The Oakeshott Institute

is creating 3d models, photos, and articles on historic arms and armor






Here at The Oakeshott Institute, our mission is to promote scholarship and interest in ancient arms and armor. 

We are a 501(c)(3) non-profit organization, established by Christopher Poor in 2000. The Institute is named after the late Ewart Oakeshott, a leading authority on European arms and armor. Ewart and his wife Sybil Marshal spent a lifetime researching and collecting swords. The collection, now entrusted to The Oakeshott Institute, contains more than 75 pieces and spans nearly 4000 years of history.

It was Ewart and Sybil's charge that the collection be a means to bring history alive to people today, not just as relics behind glass but as living objects from our past. Ewart firmly believed that to truly experience the sword one needed to touch it. He would say “a sword is a sad, lifeless object – but hold it in your hands and it comes to life!” A major goal in forming the Institute was to provide a space where both scholars and the public could share in the unique experience of interacting with historical pieces.

As part of our mission to support all those with an interest in the past, we created the Historical Sword Documentation Project. This database creates an ever growing record for enthusiasts around the globe, allowing access to specifications of swords throughout the ages.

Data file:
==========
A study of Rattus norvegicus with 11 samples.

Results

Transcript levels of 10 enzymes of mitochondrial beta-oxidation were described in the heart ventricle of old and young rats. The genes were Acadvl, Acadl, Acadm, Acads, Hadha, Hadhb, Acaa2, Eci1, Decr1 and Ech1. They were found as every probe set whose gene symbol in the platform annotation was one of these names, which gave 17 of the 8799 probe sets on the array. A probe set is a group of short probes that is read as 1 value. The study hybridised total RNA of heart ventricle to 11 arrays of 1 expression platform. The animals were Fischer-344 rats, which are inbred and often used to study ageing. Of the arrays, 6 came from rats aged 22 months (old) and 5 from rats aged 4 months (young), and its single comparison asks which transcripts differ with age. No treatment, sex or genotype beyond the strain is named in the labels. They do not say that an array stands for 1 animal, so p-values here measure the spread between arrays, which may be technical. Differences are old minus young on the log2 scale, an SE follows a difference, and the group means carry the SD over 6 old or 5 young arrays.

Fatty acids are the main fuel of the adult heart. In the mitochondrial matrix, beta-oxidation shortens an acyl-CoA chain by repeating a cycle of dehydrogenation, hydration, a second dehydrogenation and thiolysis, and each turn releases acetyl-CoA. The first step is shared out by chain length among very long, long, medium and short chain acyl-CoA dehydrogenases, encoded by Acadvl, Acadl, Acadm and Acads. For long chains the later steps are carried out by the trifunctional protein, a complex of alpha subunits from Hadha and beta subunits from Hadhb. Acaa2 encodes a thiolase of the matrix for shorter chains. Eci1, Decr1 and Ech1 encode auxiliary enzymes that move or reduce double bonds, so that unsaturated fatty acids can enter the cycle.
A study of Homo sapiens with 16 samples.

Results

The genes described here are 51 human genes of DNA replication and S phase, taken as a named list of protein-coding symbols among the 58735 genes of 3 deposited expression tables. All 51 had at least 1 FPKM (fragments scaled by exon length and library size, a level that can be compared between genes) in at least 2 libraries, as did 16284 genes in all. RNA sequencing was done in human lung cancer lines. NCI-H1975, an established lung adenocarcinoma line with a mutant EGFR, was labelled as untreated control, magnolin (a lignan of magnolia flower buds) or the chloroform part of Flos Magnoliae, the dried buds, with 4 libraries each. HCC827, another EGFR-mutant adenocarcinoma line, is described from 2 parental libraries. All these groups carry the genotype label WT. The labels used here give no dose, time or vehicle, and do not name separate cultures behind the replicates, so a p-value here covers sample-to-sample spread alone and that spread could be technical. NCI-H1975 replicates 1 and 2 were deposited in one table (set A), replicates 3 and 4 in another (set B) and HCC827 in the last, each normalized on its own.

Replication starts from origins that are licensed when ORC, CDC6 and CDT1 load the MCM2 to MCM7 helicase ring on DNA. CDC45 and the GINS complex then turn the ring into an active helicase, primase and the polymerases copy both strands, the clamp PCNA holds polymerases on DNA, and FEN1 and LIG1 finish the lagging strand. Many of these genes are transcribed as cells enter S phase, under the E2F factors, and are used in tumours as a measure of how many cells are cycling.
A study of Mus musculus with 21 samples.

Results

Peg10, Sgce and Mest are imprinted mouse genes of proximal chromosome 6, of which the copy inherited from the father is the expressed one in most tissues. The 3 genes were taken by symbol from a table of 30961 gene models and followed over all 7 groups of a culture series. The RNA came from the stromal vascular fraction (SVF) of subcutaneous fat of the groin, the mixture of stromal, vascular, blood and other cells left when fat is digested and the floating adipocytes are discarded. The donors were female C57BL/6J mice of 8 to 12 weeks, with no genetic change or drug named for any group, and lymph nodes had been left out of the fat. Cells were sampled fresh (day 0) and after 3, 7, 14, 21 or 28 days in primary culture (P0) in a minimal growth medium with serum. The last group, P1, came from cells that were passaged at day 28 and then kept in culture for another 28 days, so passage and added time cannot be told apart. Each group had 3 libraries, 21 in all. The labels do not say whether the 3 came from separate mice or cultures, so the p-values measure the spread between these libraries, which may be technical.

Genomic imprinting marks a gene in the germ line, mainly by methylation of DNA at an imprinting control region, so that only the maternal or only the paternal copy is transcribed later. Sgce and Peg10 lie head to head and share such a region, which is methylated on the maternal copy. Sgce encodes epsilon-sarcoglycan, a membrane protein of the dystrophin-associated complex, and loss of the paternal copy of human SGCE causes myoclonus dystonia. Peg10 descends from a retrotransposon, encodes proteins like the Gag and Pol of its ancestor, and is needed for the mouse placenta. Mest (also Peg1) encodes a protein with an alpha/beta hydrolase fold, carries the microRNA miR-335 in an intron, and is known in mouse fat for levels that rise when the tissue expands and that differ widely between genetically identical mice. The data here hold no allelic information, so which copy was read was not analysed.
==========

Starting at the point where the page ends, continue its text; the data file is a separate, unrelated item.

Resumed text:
The Oakeshott Institute’s Historical Sword Documentation Project advances to a new level with our  three-dimensional modelling of the collection. This cutting edge advancement is the latest in The Oakeshott Institute's efforts to further realize Ewart and Sybil's dream. Allowing access to detailed images of the pieces and the ability to manipulate them in the round creates a new level of understanding for these objects for scholars at all levels. This will also allow us to produce unique content that will help raise funds to further this work allowing greater access for all.

This Patreon campaign is an invitation to join our efforts as we build up this digital archive.

While this is a project that is a personal passion for many of us, our ability to produce content right now is restricted to the equipment we have on hand and the free time available to us. Your contributions will go towards improving our tools and compensating our staff to continue this work in a regular manner.

While the items depicted here currently are from our collection, as we expand our catalog of documented items you will see pieces from other private and public collections. The technology for these interactive displays is a great step forward for the research and study of these pieces and we look forward to partnering with others as we follow our mission to increase knowledge and understanding history as Ewart and Sybil tasked us to do.
$383 of $2,500 per month
With this level of support, we will be able to dedicate serious resources to the archiving and modelling of the collection. Equipment will be upgraded, techniques will be refined, and people will be compensated for their hard effort and time. At $2500/mo, we will release an additional model to the public per month.